So the government have been drafting out proposals that, at least at the moment would force Internet Service Providers to side with the big content companies, and would place sanctions on ISPs that fail to tackle piracy.
I don't know who they've got putting these plans into place, but they're technically unworkable.
How do you determine a packet being sent over a network contains illegal content or not? Short answer, you can't.
The only thing ISPs could afford to do would be to block ports commonly used by applications such as BitTorrent clients, which will do absolutely nothing to prevent piracy and just create an added hassle for people who legitimately use such ports for data transfer. BitTorrent clients can quite easily be told to use different ports, if such measures became commonplace they'd all simply pick a random port.
The next thing you could do from a technical standpoint would be attempt to analyse the packets of information going over your network, however there is no way at this level to reasonably determine if the packet contains part of a Word document or an MP3 file, let alone if the file is actually being shared illegally.
The only way for ISPs to realistically be able to analyse packets and work out if they were illegal or not, would be to match their users' computer base, and copy everything their users are downloading and then check against a blacklist of illegal files, for examples file names containing song titles, or against MD5 hashes. Even this however would not be reliable.
The biggest problem with this (other than it being illegal under the Computer Misuse Act, and no doubt under dozens of privacy laws) is cost. It would be hugely expensive you'd have to reproduce everything your users are doing online, that means huge networks of computers equal in power to the number of computers your users currently have online.
Then comes the next problem, that won't work. Why? The data will simply be encrypted, the internet would completely go underground, ISPs will end up having a huge pile of scrambled zeros and ones.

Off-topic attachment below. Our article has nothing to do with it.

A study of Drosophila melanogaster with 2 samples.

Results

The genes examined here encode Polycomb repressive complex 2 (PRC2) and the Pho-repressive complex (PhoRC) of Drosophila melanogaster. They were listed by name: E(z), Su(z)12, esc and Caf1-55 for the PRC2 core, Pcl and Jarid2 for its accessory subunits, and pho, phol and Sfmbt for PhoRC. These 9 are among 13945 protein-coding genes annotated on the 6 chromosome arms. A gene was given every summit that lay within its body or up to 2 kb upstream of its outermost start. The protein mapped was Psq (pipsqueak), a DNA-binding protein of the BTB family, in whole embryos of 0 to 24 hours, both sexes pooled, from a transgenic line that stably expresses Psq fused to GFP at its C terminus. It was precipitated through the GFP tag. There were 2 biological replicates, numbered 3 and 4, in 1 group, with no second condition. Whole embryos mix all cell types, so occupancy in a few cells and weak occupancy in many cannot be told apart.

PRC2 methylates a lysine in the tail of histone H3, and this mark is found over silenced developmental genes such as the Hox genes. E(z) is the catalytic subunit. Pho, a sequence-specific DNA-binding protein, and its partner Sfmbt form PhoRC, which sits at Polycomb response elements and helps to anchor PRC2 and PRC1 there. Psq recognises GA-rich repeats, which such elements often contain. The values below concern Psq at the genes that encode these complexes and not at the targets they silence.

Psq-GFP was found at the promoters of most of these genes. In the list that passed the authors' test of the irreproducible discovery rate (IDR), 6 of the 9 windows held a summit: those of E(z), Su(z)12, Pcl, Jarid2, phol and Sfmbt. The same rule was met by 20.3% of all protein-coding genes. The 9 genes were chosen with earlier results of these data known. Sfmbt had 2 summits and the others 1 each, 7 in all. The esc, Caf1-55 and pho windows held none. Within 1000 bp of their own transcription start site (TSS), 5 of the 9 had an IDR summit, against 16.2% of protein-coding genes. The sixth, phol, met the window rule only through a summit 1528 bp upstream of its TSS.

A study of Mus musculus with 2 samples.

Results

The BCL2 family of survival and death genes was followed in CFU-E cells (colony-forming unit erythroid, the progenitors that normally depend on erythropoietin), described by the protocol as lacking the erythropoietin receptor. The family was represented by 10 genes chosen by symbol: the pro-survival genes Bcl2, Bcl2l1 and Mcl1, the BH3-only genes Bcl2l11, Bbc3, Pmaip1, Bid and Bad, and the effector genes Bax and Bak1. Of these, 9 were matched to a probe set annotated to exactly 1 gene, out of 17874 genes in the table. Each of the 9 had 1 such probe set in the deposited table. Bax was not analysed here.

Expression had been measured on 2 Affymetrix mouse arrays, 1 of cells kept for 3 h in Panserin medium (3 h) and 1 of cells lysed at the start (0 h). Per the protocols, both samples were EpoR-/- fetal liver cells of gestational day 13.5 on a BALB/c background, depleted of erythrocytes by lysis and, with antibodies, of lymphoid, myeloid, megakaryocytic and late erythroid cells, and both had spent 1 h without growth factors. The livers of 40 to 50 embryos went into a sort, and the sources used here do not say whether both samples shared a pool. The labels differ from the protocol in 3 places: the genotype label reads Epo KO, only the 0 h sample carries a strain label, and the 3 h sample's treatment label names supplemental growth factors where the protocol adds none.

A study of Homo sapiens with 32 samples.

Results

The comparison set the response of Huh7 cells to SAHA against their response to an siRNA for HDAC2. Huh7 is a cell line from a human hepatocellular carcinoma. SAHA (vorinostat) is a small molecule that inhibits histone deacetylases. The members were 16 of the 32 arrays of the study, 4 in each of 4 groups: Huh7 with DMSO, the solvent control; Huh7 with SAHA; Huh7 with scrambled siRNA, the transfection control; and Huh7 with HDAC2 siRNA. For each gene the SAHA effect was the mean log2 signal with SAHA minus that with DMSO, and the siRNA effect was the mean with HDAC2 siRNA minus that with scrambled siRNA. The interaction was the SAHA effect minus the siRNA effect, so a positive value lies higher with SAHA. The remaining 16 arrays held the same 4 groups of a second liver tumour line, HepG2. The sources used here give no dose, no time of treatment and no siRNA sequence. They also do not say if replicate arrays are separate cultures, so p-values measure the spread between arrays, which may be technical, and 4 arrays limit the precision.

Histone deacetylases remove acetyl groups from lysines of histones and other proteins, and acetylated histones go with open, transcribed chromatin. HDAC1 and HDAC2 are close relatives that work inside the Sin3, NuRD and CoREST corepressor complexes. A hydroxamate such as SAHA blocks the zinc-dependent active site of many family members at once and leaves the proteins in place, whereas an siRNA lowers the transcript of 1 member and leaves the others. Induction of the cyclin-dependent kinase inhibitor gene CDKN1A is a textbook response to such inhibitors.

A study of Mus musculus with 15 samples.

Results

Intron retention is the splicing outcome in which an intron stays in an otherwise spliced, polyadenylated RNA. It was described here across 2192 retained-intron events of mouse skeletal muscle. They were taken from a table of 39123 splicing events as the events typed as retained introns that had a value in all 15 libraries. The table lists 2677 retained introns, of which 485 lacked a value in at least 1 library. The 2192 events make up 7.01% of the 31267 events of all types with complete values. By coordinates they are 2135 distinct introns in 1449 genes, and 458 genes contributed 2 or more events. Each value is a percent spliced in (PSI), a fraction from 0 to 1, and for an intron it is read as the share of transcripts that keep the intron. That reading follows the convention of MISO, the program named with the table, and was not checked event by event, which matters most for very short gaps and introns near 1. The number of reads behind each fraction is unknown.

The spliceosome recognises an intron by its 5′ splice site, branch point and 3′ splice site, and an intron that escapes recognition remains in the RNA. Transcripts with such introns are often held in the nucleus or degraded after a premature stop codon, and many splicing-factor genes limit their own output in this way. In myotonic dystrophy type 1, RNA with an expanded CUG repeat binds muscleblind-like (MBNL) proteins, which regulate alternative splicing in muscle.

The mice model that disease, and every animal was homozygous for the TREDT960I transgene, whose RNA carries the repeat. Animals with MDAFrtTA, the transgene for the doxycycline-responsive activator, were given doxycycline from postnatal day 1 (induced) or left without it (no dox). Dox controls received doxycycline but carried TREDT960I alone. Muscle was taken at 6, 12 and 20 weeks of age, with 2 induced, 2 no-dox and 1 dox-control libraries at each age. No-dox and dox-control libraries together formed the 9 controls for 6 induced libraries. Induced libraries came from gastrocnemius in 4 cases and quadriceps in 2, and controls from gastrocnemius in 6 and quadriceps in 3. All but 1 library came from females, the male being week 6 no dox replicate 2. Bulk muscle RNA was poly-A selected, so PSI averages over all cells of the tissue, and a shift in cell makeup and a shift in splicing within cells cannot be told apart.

In the process what will of happened? They would of also lost the ability to track down more important things like people downloading child-porn, terrorists sharing who knows what data. The pirates would continue to happily download things, knowing now they're more anonymous than ever before.
Not only that, as I previously talked about, people's home networks aren't secure, somebody could login to three of those networks as easily as I login to my own and download whatever they like, once its done there is no evidence of their involvement, trying to drive piracy underground will simply hurt legitimate internet users.
The people putting forward these proposals are living on fantasy island, do they even know what an internet is, let alone how it works. They're just caving to the demands of the music and film industries, its the same old nonsense they pulled with the release of the cassette tape and VHS. You didn't go out of business from that, you won't from losing a few percent of sales from piracy either, you'll just have to adapt without infringing on people's rights like you did before.
Instead of siding with them, the government should be siding with the end-users. There's virtually no limits to how far these companies will go, we have Sony bundling rootkits on their retail-brought CDs, destroying people's computers, losing who knows how much data. Honestly these people are in no position to make any demands, not how they've behaved.
Frankly we need a socialist solution, heck even something similar to the USSR would solve this whole issue. Tetris was copied to practically every computer in Moscow in a matter of weeks and that wasn't illegal, why? Because Tetris was the property of the people, to be shared among everyone.
Speaking long term, content creators need to be able to create music (for example) and be supported by the society for doing it - in return the society owns their work. We lose record companies suing 13 year old girls for sharing a few songs with their friends and we lose the extreme in-equality of a handful of people making hundreds of millions, and tens of thousands of musicians desperately trying to put food on the table. Personally I think that's win-win for the vast majority of the population.
Seems far fetched? Even something like the BBC works almost in this sort of principle, everybody pays a TV licence and in return they get to view whatever the BBC create. Ideally of course the licence fee would be paid from general taxation, so we have one less bill people need to worry about, and unlike the BBC, no works would be copyrighted, they'd be under a form of public licence, after all the public paid for it.
We can do great things if we put our minds to it, these so called proposals however aren't great things, they're a joke, and an impossible joke at that.